By KEITH LAING
THE NEWS SERVICE OF FLORIDA
THE CAPITAL, TALLAHASSEE, Oct. 26, 2010……Gov. Charlie Crist spent most of Tuesday’s night final U.S. Senate debate defending his decision to run as an independent, which set the stage in the first place for what has been until the final week of campaigning an unpredictable three-way race with Republican Marco Rubio and Democrat Kendrick Meek.
The candidates, debating for a sixth-and-final time in Orlando, fielded questions about foreclosures, social security, gay adoptions, the national political environment and foreign affairs. But they spent about half their hour-long debate, which was sponsored by Orlando’s WESH Channel 2, talking about Crist, who is currently running second in most polls as independent, having left the GOP in April after trailing Rubio in the Republican primary.
Early in the encounter, moderator David Gregory, host of NBC’s “Meet The Press,” showed Crist a copy of the 2008 Republican platform, which he said contained positions on issues like abortion and stem cell research Crist now calls extreme.
“Here’s a copy of the Republican Party platform in 2008, both those views are well spelled out…so were you unaware that was an entrenched part of the Republican Party or somehow did you change for political expedience,” Gregory asked.
“I haven’t changed, what changed is the Republican Party pushed those issues so much more to the forefront now,” Crist replied. “I think everybody on the planet understands the Republican Party has gone hard right. No question about it. All you have to do is look at some of the other candidates around the country. ”
Crist has long sought to tie Rubio to other national candidates who have ridden the fervor of Tea Party disaffection with Democrats in Washington to the verge of what is widely-expected to be big a Election Night for Republicans.
But Rubio called Crist’s claims “silly.”
“We were debating six months ago on Fox News,” he said. “The governor has consistently run his entire career as a Republican. Everybody kind of sees it for what it is. What voters deserve is that we not spend a tremendous amount of time trying to convince people that he switched because he found this new path. The reality is he switched because he couldn’t win the primary.”
Meek, who has sought to win back Democratic voters who have embraced Crist’s candidacy because they believe he is more viable against Rubio, quickly chimed with a similar analysis of Crist’s independent bid.
“I’m a Democrat for sure, you can count on that,” Meek said. “The kind of ideology that Marco Rubio was talking about and that Charlie Crist embraced until just a few weeks ago got us in this mess. ”
Meek, who is running in third-place in most major polls, has done little to hide his contempt for Crist’s conversions to his party’s positions on many issues as the two have fought over traditionally-Democratic voters. When the topic of the debate turned to gay adoptions, which Crist opposed as a candidate for governor in 2006 but now supports, Meek made his dissatisfaction plain.
“Gay adoptions didn’t change for me when I started running for the United States Senate. I’ve always been for it,” Meek said. “As a public policy person, I’m really bothered by some of his positions. When I hear flip-flops in the hallway, I think it’s the governor walking down the hall.”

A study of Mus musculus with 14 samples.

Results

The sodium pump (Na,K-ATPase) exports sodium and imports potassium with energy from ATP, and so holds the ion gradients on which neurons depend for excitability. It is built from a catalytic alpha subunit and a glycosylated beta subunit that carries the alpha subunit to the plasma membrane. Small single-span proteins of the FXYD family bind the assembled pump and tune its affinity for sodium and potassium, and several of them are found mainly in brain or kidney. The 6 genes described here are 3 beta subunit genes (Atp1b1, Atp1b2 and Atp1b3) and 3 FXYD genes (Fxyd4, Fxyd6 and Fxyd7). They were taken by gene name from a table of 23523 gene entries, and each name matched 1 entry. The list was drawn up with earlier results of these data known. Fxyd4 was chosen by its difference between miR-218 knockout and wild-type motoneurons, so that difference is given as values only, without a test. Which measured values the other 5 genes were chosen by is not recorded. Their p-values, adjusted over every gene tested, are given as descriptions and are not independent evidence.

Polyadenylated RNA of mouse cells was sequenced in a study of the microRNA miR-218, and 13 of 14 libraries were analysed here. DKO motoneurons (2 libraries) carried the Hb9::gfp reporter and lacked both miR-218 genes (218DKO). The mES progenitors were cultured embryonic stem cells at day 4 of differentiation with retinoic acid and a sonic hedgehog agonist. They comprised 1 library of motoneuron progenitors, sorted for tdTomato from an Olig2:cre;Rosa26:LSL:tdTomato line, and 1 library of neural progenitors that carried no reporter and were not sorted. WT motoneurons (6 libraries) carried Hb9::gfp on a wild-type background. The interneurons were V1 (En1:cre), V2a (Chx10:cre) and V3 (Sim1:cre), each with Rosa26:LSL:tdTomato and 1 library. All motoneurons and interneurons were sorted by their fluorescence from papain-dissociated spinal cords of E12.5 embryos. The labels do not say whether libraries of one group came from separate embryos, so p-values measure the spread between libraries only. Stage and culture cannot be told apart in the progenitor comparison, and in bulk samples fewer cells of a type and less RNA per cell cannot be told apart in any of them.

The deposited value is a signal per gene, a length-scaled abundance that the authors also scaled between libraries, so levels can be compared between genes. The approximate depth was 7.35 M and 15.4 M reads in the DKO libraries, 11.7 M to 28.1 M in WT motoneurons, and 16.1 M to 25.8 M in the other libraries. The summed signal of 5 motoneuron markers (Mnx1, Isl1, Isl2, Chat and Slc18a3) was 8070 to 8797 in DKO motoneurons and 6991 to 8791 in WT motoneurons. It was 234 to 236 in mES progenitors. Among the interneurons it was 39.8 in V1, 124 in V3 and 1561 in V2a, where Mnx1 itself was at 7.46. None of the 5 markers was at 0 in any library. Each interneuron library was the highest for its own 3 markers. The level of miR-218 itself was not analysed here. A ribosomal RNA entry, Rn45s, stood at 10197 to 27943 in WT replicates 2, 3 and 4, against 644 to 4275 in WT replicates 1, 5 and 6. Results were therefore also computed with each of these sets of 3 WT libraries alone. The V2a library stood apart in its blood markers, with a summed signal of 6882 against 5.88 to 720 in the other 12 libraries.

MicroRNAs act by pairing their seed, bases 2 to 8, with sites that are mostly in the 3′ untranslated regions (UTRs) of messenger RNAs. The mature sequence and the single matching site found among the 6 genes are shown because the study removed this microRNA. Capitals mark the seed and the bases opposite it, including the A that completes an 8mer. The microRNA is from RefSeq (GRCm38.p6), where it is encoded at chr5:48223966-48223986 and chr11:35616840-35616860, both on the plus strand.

Meek said he disagrees with Rubio about most issues, but he did not doubt where the former House Speaker stood on them.
Crist dismissed the criticism as the premise for his independent candidacy.
“I said back in April when I went independent that come September and October, I was going to have two cannons aimed at me, and clearly that’s happened,” he said. “That’s part of the deal; I’m up to the task, that’s alright. But the people at home understand that sometimes people change their minds about different things and all kinds of issues. But there’s nothing wrong with that, it’s called being honest.”
Crist said he was “less judgmental and more tolerant” now than when he was as a Republican. He added that as attorney general, he had to enforce the ban on gay adoptions because it was state law. The ban was eventually struck down by a Tallahassee court and the decision was upheld by appellate court.
“One of the duties of the attorney general is to enforce the laws on the books. That was a law that was on the books, so I was duty-bound by my oath to enforce it,” he said.
Crist, Rubio labeled a “heckler” by Rubio in their last debate when the governor repeatedly tried to interrupt him with ethical allegations, did not take as many overt shots at the Miami Republican as he has in previous debates. However, he did manage to use an early question from Gregory about foreclosure to tweak Rubio, whose personal finances became a campaign issue when a condo he owned with state Rep. David Rivera in Tallahassee went in to foreclosure earlier this year.
“What we saw here in a real alarming way in Florida is because of the fact that we are so dependent on the housing market and tourism for our economy, what happened in the Sunshine State is our prices of our homes got inflated all over the state, and the bubble burst and that caused some real problems,” Crist said. “And it’s an epidemic. I mean, some at this table have faced…close to foreclosures.”
Rubio was not given a chance to respond to the subtle dig.
There was some agreement Tuesday when the topic turned to the Miami Heat’s chances of winning an NBA championship in basketball with the heralded acquisition of LeBron James and Chris Bosh. As the debate took place, however, the South Florida team with three fans running for U.S. Senate was getting off to a rough start against the Boston Celtics in its season opener.